Mobile Vendors at Fayetteville's 'Yacht Club' Draw Criticism

by Chris Bahn  on Monday, Jul. 8, 2013 12:00 am  

Chelsea Hermez operates a flower shop out of a 25-by-8-foot space inside an Airstream trailer at the Yacht Club on College in Fayetteville.  (Photo by Ryan Miller)

Not everyone in Fayetteville is celebrating the success of the occupants of the Yacht Club on College and other mobile vendors in the city.

Some more established businesses have voiced concern about what they perceive to be unfair advantages their competitors have operating out of their 126-SF trailers. Rent is cheaper. There are fewer (and in some cases no) city regulations that temporary businesses have to follow.

In one highly publicized situation, Kentucky Fried Chicken has complained to the city about Frickin’ Chicken, a fried-chicken-on-wheels operation that sits across the street. Local florists expressed their displeasure with Pigmint getting an extension on its permit.

“It is a difficult balance,” said Andrew Garner, who works in the planning division for the city of Fayetteville. “You want to encourage existing businesses to succeed and encourage those new startup businesses.”

Among those working to find the proper balance is Fayetteville Alderman Matthew Petty. He said he expects later this month or in August to introduce a new ordinance that will include updated regulations for lots like the Yacht Club and the city’s mobile vendors.

Petty said an initial survey of 40 different ordinances, including in Manhattan, Portland, Ore., and Phoenix, revealed no one-size-fits-all approach. What he hopes his ordinance will do is address the concerns of brick-and-mortar businesses while still making Fayetteville startup and mobile friendly.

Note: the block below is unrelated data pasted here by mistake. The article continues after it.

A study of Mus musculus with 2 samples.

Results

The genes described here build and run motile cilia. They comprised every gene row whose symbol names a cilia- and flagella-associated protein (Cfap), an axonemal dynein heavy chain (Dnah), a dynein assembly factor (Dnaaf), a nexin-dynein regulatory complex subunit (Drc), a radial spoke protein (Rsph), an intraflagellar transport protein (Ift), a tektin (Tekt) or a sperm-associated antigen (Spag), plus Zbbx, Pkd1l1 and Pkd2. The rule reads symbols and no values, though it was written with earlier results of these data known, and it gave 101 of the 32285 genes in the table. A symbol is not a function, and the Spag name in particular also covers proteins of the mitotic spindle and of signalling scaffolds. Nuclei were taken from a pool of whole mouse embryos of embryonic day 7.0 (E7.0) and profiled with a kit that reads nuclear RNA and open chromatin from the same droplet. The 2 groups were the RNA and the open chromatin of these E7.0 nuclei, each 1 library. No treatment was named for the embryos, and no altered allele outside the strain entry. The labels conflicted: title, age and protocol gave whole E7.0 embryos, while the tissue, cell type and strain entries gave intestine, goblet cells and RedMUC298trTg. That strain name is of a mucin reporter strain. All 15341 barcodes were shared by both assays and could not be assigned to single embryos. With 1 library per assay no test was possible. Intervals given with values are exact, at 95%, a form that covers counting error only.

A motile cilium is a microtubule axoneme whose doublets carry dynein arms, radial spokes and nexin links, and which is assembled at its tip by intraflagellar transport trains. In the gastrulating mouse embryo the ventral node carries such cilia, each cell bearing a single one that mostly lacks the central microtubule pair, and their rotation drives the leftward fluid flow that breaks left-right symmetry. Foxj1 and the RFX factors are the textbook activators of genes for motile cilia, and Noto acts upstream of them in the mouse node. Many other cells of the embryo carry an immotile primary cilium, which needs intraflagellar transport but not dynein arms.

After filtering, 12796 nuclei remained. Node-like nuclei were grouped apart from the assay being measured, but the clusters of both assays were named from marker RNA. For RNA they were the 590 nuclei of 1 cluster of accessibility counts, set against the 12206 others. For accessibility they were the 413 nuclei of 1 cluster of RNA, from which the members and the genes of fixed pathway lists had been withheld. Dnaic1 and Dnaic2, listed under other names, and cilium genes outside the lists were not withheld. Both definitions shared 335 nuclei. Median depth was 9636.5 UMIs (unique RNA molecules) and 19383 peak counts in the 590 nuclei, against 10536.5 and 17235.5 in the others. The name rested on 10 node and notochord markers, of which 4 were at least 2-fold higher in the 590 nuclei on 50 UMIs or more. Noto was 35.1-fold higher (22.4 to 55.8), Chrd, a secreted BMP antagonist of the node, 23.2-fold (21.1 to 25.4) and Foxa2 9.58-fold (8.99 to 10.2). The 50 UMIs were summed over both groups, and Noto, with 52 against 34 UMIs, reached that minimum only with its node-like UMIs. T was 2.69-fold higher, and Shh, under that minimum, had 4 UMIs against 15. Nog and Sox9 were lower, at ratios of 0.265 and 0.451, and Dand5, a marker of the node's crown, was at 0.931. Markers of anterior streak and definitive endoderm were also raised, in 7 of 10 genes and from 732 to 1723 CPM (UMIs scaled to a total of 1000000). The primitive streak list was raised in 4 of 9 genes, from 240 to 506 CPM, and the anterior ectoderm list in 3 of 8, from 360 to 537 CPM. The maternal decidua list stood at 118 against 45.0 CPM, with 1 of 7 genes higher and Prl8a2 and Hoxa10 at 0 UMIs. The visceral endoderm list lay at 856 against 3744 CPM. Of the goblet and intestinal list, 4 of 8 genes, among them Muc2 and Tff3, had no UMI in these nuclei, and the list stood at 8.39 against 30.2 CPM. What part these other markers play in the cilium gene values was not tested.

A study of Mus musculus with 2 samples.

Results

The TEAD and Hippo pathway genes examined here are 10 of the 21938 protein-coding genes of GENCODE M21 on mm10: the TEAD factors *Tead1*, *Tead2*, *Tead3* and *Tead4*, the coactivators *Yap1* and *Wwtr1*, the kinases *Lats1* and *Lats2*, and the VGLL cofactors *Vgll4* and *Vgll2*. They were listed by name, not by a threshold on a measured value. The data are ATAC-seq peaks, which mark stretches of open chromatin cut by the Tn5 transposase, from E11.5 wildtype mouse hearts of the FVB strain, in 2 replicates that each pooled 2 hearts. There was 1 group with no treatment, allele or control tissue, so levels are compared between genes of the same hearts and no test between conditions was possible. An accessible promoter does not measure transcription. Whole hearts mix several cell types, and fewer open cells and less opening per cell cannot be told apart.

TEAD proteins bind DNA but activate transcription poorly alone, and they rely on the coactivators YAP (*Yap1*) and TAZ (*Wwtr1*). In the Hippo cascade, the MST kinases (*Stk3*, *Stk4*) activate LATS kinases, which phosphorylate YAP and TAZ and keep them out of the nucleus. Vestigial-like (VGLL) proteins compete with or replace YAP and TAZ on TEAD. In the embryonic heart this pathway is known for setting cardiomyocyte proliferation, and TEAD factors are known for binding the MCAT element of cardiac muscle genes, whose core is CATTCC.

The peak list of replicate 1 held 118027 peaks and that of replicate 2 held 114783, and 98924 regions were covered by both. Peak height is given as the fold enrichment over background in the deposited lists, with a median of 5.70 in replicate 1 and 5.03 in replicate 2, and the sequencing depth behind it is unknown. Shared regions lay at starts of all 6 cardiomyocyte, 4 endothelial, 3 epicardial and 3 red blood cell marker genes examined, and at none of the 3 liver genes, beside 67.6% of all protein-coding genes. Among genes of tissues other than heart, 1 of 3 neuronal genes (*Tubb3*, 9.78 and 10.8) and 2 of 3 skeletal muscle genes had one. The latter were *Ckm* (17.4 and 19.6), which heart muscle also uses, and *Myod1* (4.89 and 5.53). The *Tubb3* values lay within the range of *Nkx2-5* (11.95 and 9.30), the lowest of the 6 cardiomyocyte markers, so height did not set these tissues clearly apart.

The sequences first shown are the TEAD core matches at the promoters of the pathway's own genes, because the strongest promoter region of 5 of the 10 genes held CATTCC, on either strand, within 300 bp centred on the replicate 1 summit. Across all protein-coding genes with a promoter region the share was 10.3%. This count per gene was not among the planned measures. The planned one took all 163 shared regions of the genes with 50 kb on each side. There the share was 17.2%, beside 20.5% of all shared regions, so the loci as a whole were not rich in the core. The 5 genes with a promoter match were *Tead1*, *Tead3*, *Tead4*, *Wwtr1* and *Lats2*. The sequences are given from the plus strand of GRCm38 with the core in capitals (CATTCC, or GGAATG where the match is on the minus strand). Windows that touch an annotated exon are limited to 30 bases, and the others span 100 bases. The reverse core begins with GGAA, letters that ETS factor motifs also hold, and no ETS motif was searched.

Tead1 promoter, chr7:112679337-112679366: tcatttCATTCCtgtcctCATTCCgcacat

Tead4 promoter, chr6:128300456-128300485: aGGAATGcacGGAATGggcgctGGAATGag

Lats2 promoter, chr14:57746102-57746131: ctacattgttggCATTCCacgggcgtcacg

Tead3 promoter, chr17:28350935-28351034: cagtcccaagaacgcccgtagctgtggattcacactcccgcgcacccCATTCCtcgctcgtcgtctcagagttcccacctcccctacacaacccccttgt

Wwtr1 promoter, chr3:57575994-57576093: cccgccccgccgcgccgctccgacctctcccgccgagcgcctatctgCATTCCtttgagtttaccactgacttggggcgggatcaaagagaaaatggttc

What Petty would like to see is owners of lots like the Yacht Club on College submit a master site plan detailing parking, seating, water, trash disposal, electrical outlets and other “technical details.” Any mobile vendors that occupy a site longer than a year will be required to make site improvements, including infrastructure projects like sidewalks or landscaping.

Businesses operating out of trailers or other temporary setups would still be required to get a 90-day permit and then seek an extension if they wanted to stay longer. Petty likes the idea of Fayetteville offering locations for business owners to cut their teeth and hopes that the startups will eventually become fixtures in the community.

“I think anybody that’s against [mobile vendors] really needs to ask themselves what kind of benefit that this has to the economy and if this is something you want to oppose,” Petty said. “Most people realize it is a good thing.”